Capel Soar

by Kyffin Williams


Out Of Stock

MEDIUM: Oil on canvas
SIGNATURE:  Signed with initials (lower right); inscribed (verso)
DIMENSIONS: (unframed) 20 x 44 inches (50.8 x 111.8 cm)

This painting is together with a letter from the artist; Pwllfanogl, Llanfairpwllgwyngyll, Gwynedd LL61 6PD. Dated 10.12.80. ‘Dear Ann, Your present of the most delectable sweet-meats was vastly appreciated by the greedy recipient. But alas it has its dis-advantages since after consuming them I will certainly be unfit for selection to the Welsh team to play England at the National Stadium in January. My natural sylph-like figure will be in some disarray and I fear I shall be dropped. [Drawing] Before [Drawing] After. But by God it will be worth it. Many thanks. Very best wishes to all, Kyffin’


Catalogue No: 6488 Categories: , Tags: , , , , , ,

Williams’ dark, monumental paintings of the North Welsh landscape and the people who lived and worked there, became instantly recognisable images and this work is no exception. Williams has cleverly used a limited colour palette and thick impasto to recreate the uneven terrain of the hills and inclement weather which draws the viewer into the scene. Once determined on an artistic course, Williams’ passion for work was all-consuming and there was never any question as to subject matter, with the landscape before him demanding to be drawn or painted. With his highly distinctive palette-knife technique these dark, monumental landscapes of Wales came to assume an iconic status and so too did the man, affectionately known as Kyffin.

Private collection, United Kingdom


He was commissioned into the Territorial Army in 1937 in the 6th Battalion Royal Welsh Fusiliers and was about to be sent overseas in 1941 when he was diagnosed as epileptic and declared medically unfit. At this stage, it was his doctor that thought he should consider taking up art. A friend suggested he tried the Slade School of Fine Art, which at the time was based during the war, at the Ashmolean Museum in Oxford. After being told that he could attend for one term only, owing to so few students, Williams eventually stayed for three years. There he was awarded the Slade Portrait Prize and the Slade Leaving Scholarship.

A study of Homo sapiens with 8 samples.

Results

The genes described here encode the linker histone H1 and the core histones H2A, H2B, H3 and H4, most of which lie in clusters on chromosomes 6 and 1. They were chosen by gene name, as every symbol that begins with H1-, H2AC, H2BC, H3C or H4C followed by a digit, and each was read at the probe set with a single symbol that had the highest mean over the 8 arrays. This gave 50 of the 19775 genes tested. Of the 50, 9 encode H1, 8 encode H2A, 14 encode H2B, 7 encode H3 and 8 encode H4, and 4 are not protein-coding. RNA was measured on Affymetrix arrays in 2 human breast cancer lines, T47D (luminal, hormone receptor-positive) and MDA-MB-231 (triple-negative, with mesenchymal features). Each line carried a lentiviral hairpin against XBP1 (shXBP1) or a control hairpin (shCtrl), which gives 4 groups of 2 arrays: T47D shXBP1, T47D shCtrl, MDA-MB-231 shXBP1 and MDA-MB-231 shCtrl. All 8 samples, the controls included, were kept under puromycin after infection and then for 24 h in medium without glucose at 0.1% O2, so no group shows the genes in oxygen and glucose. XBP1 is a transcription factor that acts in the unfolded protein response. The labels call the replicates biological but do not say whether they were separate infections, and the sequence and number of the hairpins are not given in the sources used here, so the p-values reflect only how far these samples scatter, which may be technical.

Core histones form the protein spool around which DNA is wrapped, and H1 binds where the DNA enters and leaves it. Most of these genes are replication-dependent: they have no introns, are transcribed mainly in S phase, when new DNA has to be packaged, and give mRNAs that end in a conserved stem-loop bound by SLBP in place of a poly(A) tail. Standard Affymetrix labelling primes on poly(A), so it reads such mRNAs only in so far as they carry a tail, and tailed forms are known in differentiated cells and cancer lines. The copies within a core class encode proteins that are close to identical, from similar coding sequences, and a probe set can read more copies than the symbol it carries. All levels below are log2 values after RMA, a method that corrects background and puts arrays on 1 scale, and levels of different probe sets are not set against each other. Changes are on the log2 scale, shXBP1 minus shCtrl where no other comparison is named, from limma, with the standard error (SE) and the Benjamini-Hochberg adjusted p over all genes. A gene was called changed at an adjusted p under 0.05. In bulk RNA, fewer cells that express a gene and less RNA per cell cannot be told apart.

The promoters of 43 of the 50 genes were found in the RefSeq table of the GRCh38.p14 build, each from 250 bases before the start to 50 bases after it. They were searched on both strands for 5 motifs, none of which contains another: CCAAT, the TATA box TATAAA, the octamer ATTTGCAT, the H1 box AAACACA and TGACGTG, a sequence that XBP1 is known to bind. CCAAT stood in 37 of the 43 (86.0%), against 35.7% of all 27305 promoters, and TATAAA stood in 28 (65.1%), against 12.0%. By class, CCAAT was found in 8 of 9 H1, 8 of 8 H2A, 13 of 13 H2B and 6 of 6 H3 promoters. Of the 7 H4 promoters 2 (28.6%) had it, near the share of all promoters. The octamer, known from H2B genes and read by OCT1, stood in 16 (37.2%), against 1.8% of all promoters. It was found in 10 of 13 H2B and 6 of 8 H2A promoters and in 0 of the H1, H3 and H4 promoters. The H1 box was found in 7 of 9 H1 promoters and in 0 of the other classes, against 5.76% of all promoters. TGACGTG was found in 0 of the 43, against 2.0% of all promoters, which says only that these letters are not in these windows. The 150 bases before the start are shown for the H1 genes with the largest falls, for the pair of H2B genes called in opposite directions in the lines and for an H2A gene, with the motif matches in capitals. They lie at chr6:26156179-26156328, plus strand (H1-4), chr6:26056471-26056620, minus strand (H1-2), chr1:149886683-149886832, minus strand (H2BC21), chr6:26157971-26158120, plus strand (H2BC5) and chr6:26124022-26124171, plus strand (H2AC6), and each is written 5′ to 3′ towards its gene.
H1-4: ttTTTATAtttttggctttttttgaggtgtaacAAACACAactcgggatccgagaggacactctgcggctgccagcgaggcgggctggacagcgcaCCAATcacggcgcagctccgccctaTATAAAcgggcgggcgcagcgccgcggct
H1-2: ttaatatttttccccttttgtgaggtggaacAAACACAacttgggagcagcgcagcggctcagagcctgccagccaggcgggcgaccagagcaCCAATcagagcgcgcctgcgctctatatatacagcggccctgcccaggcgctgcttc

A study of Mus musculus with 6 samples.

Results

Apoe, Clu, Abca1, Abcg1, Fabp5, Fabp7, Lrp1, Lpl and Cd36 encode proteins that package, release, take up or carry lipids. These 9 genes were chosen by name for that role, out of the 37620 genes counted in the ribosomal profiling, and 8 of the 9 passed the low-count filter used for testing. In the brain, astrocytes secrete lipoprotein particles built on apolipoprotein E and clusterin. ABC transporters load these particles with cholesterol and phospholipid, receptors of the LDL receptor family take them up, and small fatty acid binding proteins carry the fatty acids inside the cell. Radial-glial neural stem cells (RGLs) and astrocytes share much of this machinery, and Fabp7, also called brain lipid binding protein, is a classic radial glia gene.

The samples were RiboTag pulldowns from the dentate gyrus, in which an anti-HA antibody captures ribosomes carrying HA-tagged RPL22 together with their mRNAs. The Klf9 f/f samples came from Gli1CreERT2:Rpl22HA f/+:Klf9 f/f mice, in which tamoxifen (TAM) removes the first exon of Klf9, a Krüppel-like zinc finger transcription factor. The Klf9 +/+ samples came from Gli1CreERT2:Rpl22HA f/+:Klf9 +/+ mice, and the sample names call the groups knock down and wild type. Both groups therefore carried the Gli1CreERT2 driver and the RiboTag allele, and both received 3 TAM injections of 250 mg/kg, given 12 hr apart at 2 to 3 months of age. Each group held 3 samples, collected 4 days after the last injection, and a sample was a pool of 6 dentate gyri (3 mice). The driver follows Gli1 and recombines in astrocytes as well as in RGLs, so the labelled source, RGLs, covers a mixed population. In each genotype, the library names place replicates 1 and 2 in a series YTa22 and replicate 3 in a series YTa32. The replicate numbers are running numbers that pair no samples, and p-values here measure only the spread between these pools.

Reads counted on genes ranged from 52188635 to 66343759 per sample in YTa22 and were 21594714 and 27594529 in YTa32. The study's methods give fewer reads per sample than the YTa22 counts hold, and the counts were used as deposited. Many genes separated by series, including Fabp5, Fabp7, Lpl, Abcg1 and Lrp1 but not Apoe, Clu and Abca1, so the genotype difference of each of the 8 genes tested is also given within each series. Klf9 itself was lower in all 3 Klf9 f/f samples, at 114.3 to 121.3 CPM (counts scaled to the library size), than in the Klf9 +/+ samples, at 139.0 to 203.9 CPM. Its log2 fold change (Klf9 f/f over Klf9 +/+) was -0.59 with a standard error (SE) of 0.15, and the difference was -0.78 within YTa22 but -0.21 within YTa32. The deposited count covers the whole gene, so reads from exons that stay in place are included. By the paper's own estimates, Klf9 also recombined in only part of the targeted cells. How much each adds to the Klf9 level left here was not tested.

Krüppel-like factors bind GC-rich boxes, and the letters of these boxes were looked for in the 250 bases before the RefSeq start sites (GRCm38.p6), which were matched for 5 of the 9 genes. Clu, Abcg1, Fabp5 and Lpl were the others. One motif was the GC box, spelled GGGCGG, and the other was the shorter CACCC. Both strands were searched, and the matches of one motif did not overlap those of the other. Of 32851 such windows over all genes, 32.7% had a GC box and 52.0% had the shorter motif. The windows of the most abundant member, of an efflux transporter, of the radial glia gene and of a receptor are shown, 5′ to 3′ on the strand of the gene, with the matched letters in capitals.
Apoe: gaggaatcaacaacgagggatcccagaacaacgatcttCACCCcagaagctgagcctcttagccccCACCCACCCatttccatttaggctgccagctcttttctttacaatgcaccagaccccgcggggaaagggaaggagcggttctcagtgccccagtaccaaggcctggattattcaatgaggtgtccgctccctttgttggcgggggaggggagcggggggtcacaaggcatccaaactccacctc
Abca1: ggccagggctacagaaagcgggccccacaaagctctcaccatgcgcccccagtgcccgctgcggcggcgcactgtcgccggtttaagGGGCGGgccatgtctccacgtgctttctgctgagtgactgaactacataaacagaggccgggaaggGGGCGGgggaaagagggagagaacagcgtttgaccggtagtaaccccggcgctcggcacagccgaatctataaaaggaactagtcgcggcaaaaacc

His main aim on leaving the Slade was to find a job as an art-master at some comfortable and undemanding public school, but he had been slow to achieve even that until, unable to pay his rent, he was thrown out of his lodgings in St John’s Wood. This crisis not only had the effect of his getting a job at Highgate School but also made him realise that art was his vocation.
For the next thirty years, the post at Highgate provided Williams with the perfect base to develop his highly characteristic work, “free from the pressures of fashion and the contagious influences of art schools”. He was eventually appointed senior art master. Over the years he was much loved by his pupils, and he produced some outstanding students, among them a fellow Royal Academician, Anthony Green.

His first exhibition was at Colnaghi’s in 1948 and he was fortunate that despite his medical problems, he had extraordinary physical energy. He was able to fulfil his teaching duties while painting nearly a hundred works a year.